Smith’s Landing Chief Gerry Cheezie worries that proposed federal regulations could allow the pollution of NWT waterways with toxic oil sands tailings from northern Alberta.
Gerry Cheezie.

Smith’s Landing Chief Gerry Cheezie worries that proposed federal regulations could allow the pollution of NWT waterways with toxic oil sands tailings from northern Alberta.

“We’re one of many communities that would be affected by this,” Cheezie said. “We’ll have to keep fighting against this crazy plan they have.

Smith’s Landing lies just south of Fort Smith in Alberta and along the Slave River, downstream from oil sands mines near the Athabasca River.

“(The mines) have been in operation for 40-plus years. In those years they’ve been emitting pollution into the atmosphere and into the water.”

Environment and Climate Change Canada (ECCC) spokesperson Samantha Bayard confirmed in an email that the government is developing Oil Sands Mining Effluent Regulations under the Fisheries Act to “reduce the need for new tailing ponds to store mine waste and accelerate the future reclamation of mining sites.”

The change comes as the volume of tailings and the risks of seepage from tailings ponds and floods increases. She said the regulations would “ensure” that authorized releases of effluent would only happen under strict quality standards to minimize environmental risks.

In January, ECCC launched a Crown-Indigenous Working Group comprising nine First Nations and Métis Nations in the Athabasca region to help ensure the effluent regulations are protective of the environment and address possible impacts to Indigenous rights from effluent releases, Bayard said.

Indigenous communities that aren’t part of the working group could also be engaged in the process.

Shane Thompson, minister of Environment and Natural Resources said in the Legislative Assembly on Dec. 7 that the GNWT is working to have a seat at the table in the negotiations over the regulations. He added that he doesn’t support the release of tailings into the environment.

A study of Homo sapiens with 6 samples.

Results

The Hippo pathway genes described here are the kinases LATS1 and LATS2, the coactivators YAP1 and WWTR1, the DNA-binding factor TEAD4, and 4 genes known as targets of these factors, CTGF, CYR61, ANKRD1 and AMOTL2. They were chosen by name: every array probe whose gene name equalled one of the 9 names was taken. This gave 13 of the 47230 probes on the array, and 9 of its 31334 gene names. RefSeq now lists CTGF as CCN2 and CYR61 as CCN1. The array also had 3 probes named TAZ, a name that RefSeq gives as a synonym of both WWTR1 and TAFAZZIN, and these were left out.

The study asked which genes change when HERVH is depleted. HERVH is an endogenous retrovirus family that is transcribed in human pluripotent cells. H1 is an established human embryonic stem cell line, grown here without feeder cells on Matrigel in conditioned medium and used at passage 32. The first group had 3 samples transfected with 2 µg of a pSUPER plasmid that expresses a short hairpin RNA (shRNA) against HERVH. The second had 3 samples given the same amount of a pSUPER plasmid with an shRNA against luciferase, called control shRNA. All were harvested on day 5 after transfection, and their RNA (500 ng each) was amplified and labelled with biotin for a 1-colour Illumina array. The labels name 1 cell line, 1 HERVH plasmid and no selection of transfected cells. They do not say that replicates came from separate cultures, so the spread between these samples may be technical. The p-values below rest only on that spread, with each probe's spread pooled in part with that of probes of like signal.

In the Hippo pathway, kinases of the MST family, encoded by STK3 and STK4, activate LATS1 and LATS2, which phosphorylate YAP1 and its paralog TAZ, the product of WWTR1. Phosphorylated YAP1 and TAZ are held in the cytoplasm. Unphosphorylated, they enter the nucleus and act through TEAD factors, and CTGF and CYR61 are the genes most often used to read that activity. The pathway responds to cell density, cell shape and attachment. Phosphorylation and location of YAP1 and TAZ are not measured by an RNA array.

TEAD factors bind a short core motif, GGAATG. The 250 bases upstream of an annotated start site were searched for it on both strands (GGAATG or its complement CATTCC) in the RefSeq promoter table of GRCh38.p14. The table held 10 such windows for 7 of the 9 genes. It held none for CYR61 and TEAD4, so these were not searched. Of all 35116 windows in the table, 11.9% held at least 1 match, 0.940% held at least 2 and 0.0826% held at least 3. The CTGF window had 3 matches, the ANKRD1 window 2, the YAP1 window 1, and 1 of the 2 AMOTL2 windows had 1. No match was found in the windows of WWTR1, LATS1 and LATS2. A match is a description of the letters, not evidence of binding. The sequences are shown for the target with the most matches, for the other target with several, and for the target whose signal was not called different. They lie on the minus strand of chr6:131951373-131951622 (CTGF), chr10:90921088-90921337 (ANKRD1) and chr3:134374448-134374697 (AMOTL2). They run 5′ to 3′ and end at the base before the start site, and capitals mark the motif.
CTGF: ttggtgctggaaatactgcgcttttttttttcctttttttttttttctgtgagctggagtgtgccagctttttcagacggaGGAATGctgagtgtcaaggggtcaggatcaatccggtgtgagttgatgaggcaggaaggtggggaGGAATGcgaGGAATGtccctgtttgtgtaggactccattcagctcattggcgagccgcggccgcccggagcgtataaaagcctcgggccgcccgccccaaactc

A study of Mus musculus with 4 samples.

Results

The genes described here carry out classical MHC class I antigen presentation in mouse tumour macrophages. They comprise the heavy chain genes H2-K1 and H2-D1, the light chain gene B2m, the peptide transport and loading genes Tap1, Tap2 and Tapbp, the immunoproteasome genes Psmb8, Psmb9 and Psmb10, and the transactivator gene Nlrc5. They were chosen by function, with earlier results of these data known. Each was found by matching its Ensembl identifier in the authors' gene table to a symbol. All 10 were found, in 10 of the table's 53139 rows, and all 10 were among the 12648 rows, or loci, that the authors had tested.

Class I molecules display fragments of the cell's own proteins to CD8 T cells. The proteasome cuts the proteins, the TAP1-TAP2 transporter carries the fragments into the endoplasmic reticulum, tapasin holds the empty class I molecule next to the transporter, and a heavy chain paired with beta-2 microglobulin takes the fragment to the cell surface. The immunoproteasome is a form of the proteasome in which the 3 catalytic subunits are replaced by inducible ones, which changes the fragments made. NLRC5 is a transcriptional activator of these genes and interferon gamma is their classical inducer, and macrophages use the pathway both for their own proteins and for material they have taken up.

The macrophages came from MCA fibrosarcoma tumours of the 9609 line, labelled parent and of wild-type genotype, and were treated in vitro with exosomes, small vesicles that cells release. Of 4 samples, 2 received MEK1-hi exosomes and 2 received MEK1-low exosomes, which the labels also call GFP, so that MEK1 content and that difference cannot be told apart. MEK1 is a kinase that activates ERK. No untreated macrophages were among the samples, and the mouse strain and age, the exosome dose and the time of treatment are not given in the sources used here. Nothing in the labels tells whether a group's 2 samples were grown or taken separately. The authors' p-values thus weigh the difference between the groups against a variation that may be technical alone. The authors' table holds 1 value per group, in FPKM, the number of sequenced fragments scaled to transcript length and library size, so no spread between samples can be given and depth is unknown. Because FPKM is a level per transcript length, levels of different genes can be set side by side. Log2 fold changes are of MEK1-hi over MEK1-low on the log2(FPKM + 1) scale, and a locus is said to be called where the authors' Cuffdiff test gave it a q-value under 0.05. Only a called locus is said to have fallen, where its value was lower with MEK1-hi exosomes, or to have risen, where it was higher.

Of the approximately 1.4 trillion litres of tailings consisting of water, sand and residual bitumen contained in ponds, there is evidence over the last decade that “processed water” from the ponds has seeped into nearby groundwater and possibly into rivers, according to a 2020 report from the Commission for Environmental Cooperation.

Current Alberta environmental regulations require tailings to be stored in the ponds for eventual reclamation and the federal Fisheries Act prohibits the release of any “deleterious substance” into waters where fish are present.

Although Smith’s Landing was expected to issue a news release on Monday outlining the First Nation’s work with the federal government on research into tailings, Cheezie stressed that lines of communication on the issue must remain open.

“We definitely would have a lot to say about this,” he said. “We want to be at the table when things are going to be discussed that will affect our way of life in such a negative way.”

Thompson, in an exchange with Frame Lake MLA Kevin O’Reilly said the GNWT is aware of the concerns of Indigenous communities and is trying to open conversations with the federal and Alberta governments.

“This has been a very long issue for…our Indigenous governments across the territories, all the way up from the Beaufort Delta all the way down to Fort Smith,” the minister said. “We’ve heard them. We are working with them within the system we have presently. We are communicating back and forth with a letter and there will be another letter being sent out probably within the next week or so.”

While the Mackenzie River Basin Transboundary Waters Agreement between the NWT, Alberta and British Columbia requires signatories to protect the waterways within the Mackenzie River Basin, Cheezie hopes the accord doesn’t become an excuse for inaction.

“The GNWT can’t hide behind the Transboundary Water Agreement and say ‘don’t worry everything is under control.’ We’ve got to get the GNWT to get off the fence and start to provide some leadership here and give some protection for their people and the rivers.”